Antony Gormley at the Royal Academy, London

Margot A. LoudonNon classé to see images and explanations.

This blog reflects my thoughts on the current exhibition of Antony Gormley’s work at the august Royal Academy, London.

Royal Academy in winter sunshine

Margate Taster

Gormley’s work is internationally known. The day bfore visiting the Royal Academy exhibition, I saw one of his works at a much more recent addition to the art world, the Turner Contemporary at Margate. I was there with friends  to view the work of the Turner Prize nominees–. On display was a selection of provocative talent. I would like to see Lawrence Abu Hamdan win  But I digress. It was moreover thrilling to see there, Gormley’s Another Time positioned on  an a rocky outcrop in front of the Turner Contemporary At high tide Another Time is covered completely. I watched the figure gradually emerge as the Margate Bay high tide retreated, and he seemed to rise resolutely from the waves. This turned out to be a taster to the Gormley feast at the Royal Academy.

The Royal Academy visit

Although I was familiar with standing figures created by Gormley, I had not previously appreciated the range and depth of his art. The exhibition offers a complex body of work; Gormley’s concept of the body was not easy to grasp, the inter-relationship of our core and skin, what lies beneath the outer shell we show the world. The works confront us in physical space but also evoke sensory and emotional experiences and questions about identity and self.  They are works of precision.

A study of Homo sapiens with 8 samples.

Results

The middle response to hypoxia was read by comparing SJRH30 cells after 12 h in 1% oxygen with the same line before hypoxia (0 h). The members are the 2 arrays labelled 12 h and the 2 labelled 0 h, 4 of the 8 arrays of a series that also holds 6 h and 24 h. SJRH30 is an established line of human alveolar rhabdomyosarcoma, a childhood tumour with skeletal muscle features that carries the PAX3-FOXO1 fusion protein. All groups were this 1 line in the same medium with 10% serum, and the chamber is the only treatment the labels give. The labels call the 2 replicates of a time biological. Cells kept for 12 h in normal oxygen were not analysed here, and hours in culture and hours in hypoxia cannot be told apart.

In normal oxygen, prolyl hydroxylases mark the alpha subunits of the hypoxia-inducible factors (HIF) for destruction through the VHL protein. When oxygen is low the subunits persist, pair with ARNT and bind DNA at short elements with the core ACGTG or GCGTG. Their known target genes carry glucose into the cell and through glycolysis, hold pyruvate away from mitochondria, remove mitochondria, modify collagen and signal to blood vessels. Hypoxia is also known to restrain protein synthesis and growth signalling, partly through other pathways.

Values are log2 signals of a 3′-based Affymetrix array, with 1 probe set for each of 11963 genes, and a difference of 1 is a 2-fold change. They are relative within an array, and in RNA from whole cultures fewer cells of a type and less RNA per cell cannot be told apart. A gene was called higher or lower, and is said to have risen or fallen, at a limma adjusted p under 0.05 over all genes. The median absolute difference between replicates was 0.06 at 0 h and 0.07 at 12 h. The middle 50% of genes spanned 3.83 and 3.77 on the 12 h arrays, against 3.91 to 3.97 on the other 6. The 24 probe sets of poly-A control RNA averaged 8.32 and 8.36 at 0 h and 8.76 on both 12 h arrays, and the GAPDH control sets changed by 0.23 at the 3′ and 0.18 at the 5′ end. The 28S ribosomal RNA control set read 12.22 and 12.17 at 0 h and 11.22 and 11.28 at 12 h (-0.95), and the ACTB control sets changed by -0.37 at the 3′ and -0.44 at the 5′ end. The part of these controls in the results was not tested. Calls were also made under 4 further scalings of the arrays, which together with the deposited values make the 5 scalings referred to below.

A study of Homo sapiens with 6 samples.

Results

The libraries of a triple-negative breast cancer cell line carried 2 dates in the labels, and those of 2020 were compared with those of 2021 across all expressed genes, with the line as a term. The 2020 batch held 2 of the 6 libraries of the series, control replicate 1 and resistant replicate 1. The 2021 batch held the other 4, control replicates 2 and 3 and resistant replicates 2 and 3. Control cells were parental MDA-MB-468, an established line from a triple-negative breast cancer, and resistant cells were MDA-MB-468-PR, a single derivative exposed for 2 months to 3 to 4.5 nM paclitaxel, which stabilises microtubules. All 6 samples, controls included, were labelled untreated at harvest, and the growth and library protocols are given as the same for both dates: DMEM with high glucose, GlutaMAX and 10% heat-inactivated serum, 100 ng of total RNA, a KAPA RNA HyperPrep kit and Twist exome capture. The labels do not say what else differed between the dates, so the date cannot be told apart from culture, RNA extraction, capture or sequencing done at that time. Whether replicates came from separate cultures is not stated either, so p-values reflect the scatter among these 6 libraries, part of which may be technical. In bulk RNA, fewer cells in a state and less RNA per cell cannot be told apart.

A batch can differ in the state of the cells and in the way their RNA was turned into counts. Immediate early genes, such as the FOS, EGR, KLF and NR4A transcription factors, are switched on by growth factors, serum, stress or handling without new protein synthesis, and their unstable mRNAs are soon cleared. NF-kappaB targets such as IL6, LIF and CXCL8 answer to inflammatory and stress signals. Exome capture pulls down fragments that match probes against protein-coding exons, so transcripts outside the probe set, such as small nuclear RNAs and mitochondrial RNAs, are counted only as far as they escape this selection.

Among Gormley’s early works are One Apple and Land, Sea and Air. I therefore appreciated for the first time his work’s concerns with interiors and how they interact with a surface which both protects and hides them. One Apple, for example, encases in lead the flesh of an apple in its several stages of ripening. Land, Sea and air, three works with identical outward appearance, contain and conceal different contents. Encountering these early works helped me to understand better the later concrete blocks in which empty spaces relate to body shapes.  Also, it helped me appreciate the subtlety of Body and Fruit, two hanging fruit shaped sculptures relating to the artist’s own body. Their size and suspension evoke multiple visual associations, but the concept also spoke to me of the fusion of soft tissue with hardness, harking back to his One Apple.

Looking at and through Clearing VII

I enjoyed walking around Clearing VII, one of his most recent abstract works. The exhibition Guide notes that the artist describes this as “a drawing in space” but the coiling of aluminium tube, approximately 8 kilometres in length, also made me think of a huge skein of tangled wool; the hard material rendered soft in the mind’s eye. Viewers were asked not to enter this sculpture but just to walk around it, which was a pity. Then I would have felt part of it. But we could go into another 2019 work, Cave. In this architectural body-shaped structure, I felt my way in total blackness (unfortunately with screaming children in front of me) along a narrow space to emerge in a bigger space dimly lit by natural light. It reminded me of being in the Beehive Tomb at Mycenae.  I felt strangely stirred by this experience. Inside the sculpture, I was not a viewer but part of its essence. One woman was clearly disorientated by this  and I had to steer her to the exit.

It was also fascinating to see the relationship between Gormley’s daily drawing and his sculptures. He uses not just traditional drawing materials, but casein, and linseed oil, petroleum jelly, red earth, and crude oil.